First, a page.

Marty Martindale

Spain’s famed chef and owner of Ebulli Restaurant in Rosas, Spain, Fernan Adria, is the originator of alchemy dining. Gourmet Magazine has termed Adria “the Salvador Dali of the kitchen – the most creative chef in the world, father of modern Spanish cooking.” Others say, “he’s the most innovative man in the history of cooking.”  One of his fetes, he served raviolis, not made with pasta, but with calamari flesh, then he filled them with warm gel of coconut, mint and ginger. This is but a sampling of unexpected textures and twists found in food alchemy. Little wonder, Pittsburgh’s Chef, Kevin Sousa, went to great lengths to study Adria’s concepts, catch the man’s enthusiasm and bring it back to Pittsburgh.

“We take a lot of local and seasonal products and treat them differently,” Sousa explains. “We might take English peas and turn them into a hot jelly or a warm foam. Presentation can run from the elegant to the charmingly absurd. Food lends itself to theatrics,” he explains. In Alchemy, chefs enjoy taking liberties with foods, re-assigning flavors, playing with temperatures, scrambling textures merely to amuse and entertain. Soon, they will work a freeze-dry machine into their menu planning. Cotton candy machines have already arrived. Sousa, now 33, grew up learning the food business in his family’s Italian restaurant in McKees Rocks, PA.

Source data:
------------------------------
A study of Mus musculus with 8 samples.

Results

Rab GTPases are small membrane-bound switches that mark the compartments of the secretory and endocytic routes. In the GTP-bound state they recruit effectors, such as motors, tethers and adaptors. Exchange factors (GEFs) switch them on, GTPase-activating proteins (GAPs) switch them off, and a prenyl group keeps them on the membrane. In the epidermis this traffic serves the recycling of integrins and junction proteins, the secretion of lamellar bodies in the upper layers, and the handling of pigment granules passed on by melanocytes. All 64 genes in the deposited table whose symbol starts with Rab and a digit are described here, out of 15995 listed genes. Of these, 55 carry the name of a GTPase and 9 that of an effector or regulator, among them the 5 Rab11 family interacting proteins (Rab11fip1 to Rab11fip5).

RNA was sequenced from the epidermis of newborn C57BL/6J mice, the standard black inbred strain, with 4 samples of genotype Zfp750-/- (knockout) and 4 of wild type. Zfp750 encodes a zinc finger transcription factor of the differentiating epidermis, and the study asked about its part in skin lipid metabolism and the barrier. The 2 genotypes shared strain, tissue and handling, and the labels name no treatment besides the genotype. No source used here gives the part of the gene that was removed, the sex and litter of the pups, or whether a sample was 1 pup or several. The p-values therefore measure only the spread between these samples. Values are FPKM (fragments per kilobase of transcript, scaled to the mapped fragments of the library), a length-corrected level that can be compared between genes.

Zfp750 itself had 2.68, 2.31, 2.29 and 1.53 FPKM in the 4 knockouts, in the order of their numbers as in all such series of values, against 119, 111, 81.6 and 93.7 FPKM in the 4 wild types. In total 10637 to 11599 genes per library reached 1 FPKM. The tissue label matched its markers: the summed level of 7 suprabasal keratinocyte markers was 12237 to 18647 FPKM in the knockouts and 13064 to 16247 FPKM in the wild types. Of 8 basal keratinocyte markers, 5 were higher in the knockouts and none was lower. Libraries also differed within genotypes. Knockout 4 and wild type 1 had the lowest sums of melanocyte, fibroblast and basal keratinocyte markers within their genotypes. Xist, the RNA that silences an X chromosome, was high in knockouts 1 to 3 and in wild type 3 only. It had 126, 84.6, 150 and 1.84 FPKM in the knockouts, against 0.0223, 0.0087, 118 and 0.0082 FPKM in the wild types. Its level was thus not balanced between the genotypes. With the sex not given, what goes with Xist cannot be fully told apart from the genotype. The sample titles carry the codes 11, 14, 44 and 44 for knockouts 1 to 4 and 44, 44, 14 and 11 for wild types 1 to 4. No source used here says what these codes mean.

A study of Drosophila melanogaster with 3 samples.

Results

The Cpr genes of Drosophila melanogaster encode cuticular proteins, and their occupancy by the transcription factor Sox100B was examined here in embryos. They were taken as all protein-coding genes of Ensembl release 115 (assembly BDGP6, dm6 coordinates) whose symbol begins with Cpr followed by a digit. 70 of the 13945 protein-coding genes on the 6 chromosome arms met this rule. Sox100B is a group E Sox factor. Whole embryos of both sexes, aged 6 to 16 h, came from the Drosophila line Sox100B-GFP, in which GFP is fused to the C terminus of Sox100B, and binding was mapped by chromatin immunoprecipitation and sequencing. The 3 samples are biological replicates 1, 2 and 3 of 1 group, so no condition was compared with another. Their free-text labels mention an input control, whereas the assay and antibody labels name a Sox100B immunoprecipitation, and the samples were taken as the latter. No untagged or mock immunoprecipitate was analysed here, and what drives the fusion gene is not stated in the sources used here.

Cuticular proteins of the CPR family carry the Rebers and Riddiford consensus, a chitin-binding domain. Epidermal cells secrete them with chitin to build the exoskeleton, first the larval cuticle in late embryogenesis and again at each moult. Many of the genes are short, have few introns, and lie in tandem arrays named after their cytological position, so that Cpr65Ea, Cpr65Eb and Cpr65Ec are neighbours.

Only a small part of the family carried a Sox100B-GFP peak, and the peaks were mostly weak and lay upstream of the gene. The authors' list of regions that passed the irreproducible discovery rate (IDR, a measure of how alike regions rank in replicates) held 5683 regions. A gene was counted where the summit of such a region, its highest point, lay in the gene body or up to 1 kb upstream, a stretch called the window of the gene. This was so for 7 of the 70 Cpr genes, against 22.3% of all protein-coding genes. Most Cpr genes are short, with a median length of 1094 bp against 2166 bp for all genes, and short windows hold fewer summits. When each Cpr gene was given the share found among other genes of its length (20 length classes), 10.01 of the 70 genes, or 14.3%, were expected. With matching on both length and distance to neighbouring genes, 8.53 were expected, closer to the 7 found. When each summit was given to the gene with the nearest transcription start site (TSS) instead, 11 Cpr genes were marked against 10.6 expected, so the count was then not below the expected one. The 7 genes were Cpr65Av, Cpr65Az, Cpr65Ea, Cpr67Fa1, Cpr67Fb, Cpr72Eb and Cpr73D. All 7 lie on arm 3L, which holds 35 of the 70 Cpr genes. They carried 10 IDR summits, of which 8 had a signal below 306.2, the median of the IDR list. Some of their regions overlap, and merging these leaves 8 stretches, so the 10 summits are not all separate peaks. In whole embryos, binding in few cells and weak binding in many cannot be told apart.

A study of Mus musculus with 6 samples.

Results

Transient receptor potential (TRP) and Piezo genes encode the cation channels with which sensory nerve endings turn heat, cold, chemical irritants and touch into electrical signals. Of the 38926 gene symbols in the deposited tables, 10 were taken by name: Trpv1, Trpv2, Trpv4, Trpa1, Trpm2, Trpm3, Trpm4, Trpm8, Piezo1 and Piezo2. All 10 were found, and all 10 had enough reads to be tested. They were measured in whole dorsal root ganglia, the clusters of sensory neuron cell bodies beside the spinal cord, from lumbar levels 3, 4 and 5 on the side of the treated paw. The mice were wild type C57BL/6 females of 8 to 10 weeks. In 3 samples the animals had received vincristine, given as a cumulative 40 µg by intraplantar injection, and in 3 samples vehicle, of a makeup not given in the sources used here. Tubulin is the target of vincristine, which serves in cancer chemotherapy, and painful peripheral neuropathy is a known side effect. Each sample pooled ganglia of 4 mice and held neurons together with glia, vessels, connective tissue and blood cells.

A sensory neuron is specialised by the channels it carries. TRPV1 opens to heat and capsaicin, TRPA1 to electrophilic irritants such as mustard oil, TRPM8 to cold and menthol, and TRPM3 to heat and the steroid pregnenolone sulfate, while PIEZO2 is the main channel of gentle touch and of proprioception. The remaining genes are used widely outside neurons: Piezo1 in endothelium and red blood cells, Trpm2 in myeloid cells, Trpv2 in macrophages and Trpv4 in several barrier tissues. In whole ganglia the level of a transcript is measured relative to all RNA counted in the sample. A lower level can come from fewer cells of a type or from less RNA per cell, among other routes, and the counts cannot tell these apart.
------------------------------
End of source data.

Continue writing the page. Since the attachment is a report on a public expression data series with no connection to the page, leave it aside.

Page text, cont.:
The ground rules for Alchemy Dining are simple. Each dining presentation is limited to 12 persons for a detailed, narrated 16-course dinner. Guests sit around a horseshoe table formation, leaving ample room for host to place each plate and wine directly in front of each person. This also allows for personal information exchanges. Our host/narrator was Sousa’s close colleague, Jim Miller. He urged guests to use their fingers for greater taste mingling. Knives and spoons were there as well. Exquisitely plain, innovatively-shaped, custom white dinnerware accented all presentations. The cost for this occasion:  Dinner $100 per person; spirit pairings $75.

The night of food magic continued with tricks as treats for menudo, lobster, bison and much more. A finishing flourish was a creation of Blueberry Cotton Candy and its companion, Gorgonzola Cheese.

Some future food antics will be:  fried aioli … butter capable of being tied into a knot … tricks with liquid nitrogen … more tricks with agar-agar gel. Preaching the gospel of food play, Molecular Gastronomy” allows imaginative chefs to swap flavors, invert temperatures and fool with absurd textures. They will do this traditionally and with the help of machines which magically turn mundane foods into vivid  foams, airs, mists, bubbles, siphons and whim.

(Note:  The picture above features snails ala Ebulli.)

Marty Martindale

About Marty Martindale

Foodsite Magazine and Marty aim to help the cooking-challenged avoid dependence on others due to lack of cooking knowhow. We concentrate on quick breakfasts, portable lunches and “good-4-u” night meals. With readily available web translation, the magazine explains separate foods, a little of their history, their nutrition, suggested “go-withs,” serving ideas and links to foodsites with recipes.